In 2008, the Redwood County Board of Commis-sioners established its payable 2009 tax levy at $10,584,934, which reflected a 14.2 percent increase over the previous levy.
Since that year the levy has remained the same, with the board approving a zero percent increase for 2010-12. That trend continued this year, as the board approved its preliminary 2013 levy at $10,584,934.
While the preliminary levy number does not become official until the county board officially certifies the levy in December, state law does not allow the county to increase the final levy over what it approves each September. In other words, when the county board approves its final levy for 2013 the number can’t be any higher than what it approved during its meeting Tuesday. The final levy number can be reduced, though.
State law requires the preliminary levy to be approved prior to Sept. 15, and according to Vicki Knobloch, county administrator, the finance committee met several times in advance of the preliminary levy vote to finalize the recommendation for the full board.
Prior to the vote to approve the zero-percent preliminary levy, a motion to increase the levy by one half of one percent was made.
That motion was defeated on a 3-2 vote. The final vote was approved 4-1 with Commissioner John Schueller voting against the preliminary levy proposal. He argued there are long-term issues to consider, as well as the increased cost of doing business.
Schueller pointed to the increased costs of fuel as an issue, adding funds are going to have to come in to address needed road improvements sooner rather than later.
Commissioner Al Kokesch said the county is in a good place right now, adding it has about $22 million in reserves which can be used to help address those issues not specifically raised in the levy.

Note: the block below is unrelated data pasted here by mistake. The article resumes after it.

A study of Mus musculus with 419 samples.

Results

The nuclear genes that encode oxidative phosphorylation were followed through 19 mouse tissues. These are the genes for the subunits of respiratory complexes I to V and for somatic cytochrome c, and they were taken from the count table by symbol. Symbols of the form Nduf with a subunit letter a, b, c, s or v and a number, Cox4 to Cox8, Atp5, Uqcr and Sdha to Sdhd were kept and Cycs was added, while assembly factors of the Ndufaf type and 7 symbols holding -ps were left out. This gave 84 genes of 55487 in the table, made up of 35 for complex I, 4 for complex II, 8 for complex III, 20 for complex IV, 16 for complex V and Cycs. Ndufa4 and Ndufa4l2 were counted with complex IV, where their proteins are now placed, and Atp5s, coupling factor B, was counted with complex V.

Kokesch said Red-wood County has the 14th highest tax rate in the state, and even though that number has improved from times when it ranked in the 30s there is room to improve.
One of the most significant areas where improvement has been made has to do with the county’s decision to join Southwest Health and Human Services.
Through that move, the county’s human services levy was reduced by nearly 15 percent, with the public health budget being reduced by 43 percent.
Commissioner Sharon Hollatz said so much of the levy dollars are focused on reacting to problems, while she thinks more of their efforts ought to focus on being proactive and investing in programs.
While the levy number is essentially set, how the numbers within that levy are allocated are still a matter for future debate. Kokesch added he is glad programs, such as restorative justice and RSVP could be included in the levy.
The public is going to have a chance to offer input at the Truth in Taxation meeting, which is scheduled for Nov. 29 at 6 p.m. in the commissioners’ room in the county government center. All are encouraged to attend this meeting.